These are tumultuous times of staggering transition. We are being called to open our minds and hearts to change. Our routines and ways of being in the world have been uprooted. We need to find newer ways to recharge, focus and still draw joy from our days. Here are a few suggestions:
Social distancing anew: I am not a fan of physical social distancing, but I respect it in order to keep myself and others safe. I miss going to the Madison Art Cinema to see a new film and meeting a friend to sit in the window at Cilantro enjoying the world pass by as we catch up and sip some green tea. I miss the library and the story times I would be able to enjoy with my toddler grandson, the people I could teach qigong to, and to use my needles to help alleviate pain.
But we are finding different ways of connecting in our newer phases as we inch toward a new normal. I met a friend at The Madison Coffee House yesterday where there is a huge open terrace with tables to appropriately distance, I bring Luke, my grandson, on walks to the marina to see the boats and walk down a farm road to see the goats and chickens. We walk The Nature Trail in West Woods and have Jacobs Beach to cool off on scorching hot days. And I feel grateful to be writing this as I sit outside at a café.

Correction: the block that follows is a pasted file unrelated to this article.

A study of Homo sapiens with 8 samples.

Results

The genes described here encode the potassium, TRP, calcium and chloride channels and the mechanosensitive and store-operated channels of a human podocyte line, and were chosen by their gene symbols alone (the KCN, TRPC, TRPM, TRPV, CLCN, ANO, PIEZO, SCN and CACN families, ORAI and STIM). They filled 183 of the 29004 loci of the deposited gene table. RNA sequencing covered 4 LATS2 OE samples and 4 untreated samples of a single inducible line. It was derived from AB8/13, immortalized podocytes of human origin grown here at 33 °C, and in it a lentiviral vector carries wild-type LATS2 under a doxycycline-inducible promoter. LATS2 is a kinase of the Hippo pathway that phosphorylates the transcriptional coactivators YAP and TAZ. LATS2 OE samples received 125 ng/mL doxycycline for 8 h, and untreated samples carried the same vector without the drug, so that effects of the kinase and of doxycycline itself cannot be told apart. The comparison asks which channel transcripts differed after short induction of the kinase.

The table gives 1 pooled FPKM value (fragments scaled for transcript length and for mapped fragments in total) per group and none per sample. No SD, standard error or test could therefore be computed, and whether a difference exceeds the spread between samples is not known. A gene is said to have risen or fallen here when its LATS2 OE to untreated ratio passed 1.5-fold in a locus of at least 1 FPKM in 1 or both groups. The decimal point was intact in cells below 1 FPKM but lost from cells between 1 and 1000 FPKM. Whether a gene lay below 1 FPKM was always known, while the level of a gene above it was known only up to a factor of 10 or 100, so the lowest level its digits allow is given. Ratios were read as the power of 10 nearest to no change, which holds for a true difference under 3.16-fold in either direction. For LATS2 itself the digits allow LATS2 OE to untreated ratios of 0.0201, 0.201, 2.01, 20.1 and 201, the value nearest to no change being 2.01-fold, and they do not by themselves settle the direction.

Follow your heart: Try to carve 10 minutes of quiet into your day. Perhaps you will ‘hear’ how to act in ways that are in the best interest of ourselves, our family, our communities and world. Stillness is a way to begin to “see” our roles in different and unexpected ways.
Honor friendship: Never have I realized how important my friends are than now. I admit I have at times taken them for granted. Sunday has become the day I invite different friends and family to come and sit under the old maple tree outside as we eat snacks or meals or just drink coffee or tea and enjoy each other’s company and conversation. Let your friends know how honored you are to have them in your life by sending a text, writing a letter or preparing a special meal for them.
Find humor: One of the things I like best about my relationship with my sister is that we can often find the humor in almost any of our personal travesties. Laughter can break up the darkest of moments and fill them with light. Watch a funny movie, tune into a comedy channel or a humorous podcast. It will help you to not become overwhelmed with what is happening and to be more helpful.
And of course, be creative. What works for one might not work for another. Let me know some of the ways that are helping you to navigate your “new” world. Some of you have already shared with me what keeps you going: helping others, working for social justice, knitting, playing games, walking, spending time with children (when possible), praying and becoming gourmet cooks!
I am convinced we will come out of this stronger and transformed for the better no matter how challenged we might feel at the moment.